Los Angeles Podiatrist Sentenced to Two Years in Federal Prison for His Role in $3 Million Identity Theft and Bank Fraud Scheme
|U.S. Attorney’s Office June 25, 2013|
LOS ANGELES—The founder of the Releford Foot and Ankle Institute has been sentenced to 24 months in federal prison for his conviction on federal fraud charges related to a bank fraud scheme that used stolen identities to cause two financial institution to suffer $3 million in losses.
Dr. Bill Releford, 53, who resides in downtown Los Angeles, received the two-year sentence yesterday afternoon from United States District Judge Terry J. Hatter, Jr. In addition to the prison term, Judge Hatter ordered Releford to pay $218,237 in restitution and a $10,000 fine.
Releford pleaded guilty in May 2012 to participating in a scheme to defraud Bank of America and Wells Fargo Bank, specifically admitting that he participated in the scheme to obtain money for his medical practice, which has offices in Beverly Hills and Inglewood.
At yesterday’s sentencing hearing, Judge Hatter told Releford that if he was “man enough to do the crime,” then he had to be “man enough to do the time.” Judge Hatter noted Releford’s attempts to rehabilitate himself—such as Releford’s offer to immediately pay $1,500 in restitution and his recent participation in charitable projects—and said this effort spared Releford from a longer prison sentence.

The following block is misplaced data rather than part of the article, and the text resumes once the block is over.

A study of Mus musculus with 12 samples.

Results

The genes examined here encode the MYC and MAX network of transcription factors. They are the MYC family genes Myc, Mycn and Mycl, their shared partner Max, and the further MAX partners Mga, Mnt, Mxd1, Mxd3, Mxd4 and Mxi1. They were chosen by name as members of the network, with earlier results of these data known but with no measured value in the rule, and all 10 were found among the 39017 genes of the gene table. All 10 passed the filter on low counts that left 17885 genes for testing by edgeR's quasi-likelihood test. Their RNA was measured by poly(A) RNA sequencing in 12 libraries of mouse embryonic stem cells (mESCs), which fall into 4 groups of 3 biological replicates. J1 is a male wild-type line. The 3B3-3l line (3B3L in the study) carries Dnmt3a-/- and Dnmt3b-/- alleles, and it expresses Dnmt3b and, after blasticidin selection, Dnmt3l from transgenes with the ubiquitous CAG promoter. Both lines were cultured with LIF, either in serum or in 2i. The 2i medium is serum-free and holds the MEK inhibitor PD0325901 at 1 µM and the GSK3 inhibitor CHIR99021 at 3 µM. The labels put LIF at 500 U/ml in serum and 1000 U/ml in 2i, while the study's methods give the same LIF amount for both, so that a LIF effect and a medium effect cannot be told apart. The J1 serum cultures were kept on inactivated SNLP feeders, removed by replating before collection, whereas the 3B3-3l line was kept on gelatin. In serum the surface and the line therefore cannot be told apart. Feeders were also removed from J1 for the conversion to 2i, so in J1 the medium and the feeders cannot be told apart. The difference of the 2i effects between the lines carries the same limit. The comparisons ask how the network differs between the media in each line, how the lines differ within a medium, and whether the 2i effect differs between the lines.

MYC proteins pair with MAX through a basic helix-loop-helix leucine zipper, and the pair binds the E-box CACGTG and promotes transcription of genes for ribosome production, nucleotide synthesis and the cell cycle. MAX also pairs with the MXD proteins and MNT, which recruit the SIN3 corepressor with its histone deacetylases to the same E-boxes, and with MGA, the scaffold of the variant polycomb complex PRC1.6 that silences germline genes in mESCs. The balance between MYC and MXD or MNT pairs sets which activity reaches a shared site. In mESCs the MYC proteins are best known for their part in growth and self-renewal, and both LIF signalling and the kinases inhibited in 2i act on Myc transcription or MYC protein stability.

Releford and five other co-defendants operated a scheme to defraud financial institutions by using stolen identities to establish business lines of credit that were fraudulently drawn down to provide money that was used for their personal expenses. After obtaining stolen personal identifying information—including dates of birth, Social Security numbers, credit profiles, and driver’s license numbers from victims with high credit scores, including another physician from Pasadena—members of the conspiracy submitted fraudulent applications for business lines of credit to various banks. Once the applications were approved, the defendants liquidated the credit lines.
Over the course of the scheme, Releford helped the other defendants open at least two credit lines that provided funds for Releford’s medical practice. Releford also attempted to open a third credit line valued at up to $500,000, which he planned to use to fund a clothing business. Releford further participated in the scheme by helping to launder thousands of dollars from other fraudulently obtained credit lines.
A federal grand jury indicted Releford and five others in May 2011 (see: http://www.fbi.gov/losangeles/press-releases/2011/six-los-angeles-residents-charged-in-bank-fraud-scheme-where-stolen-identities-were-used-to-establish-lines-of-credit). The five co-defendants—Andrea Avery Kirkland Charles, William Earl Gordon, Annita Hawes, and James Arthur Booker—previously pleaded guilty and received sentences of up to 88 months in federal prison.
In total, the scheme caused more than $3 million in losses to Bank of America and Wells Fargo Bank. The scheme used identities stolen from more than 70 individual victims.
This case was investigated by agents with the Federal Bureau of Investigation, the United States Postal Inspection Service, and IRS-Criminal Investigation Division.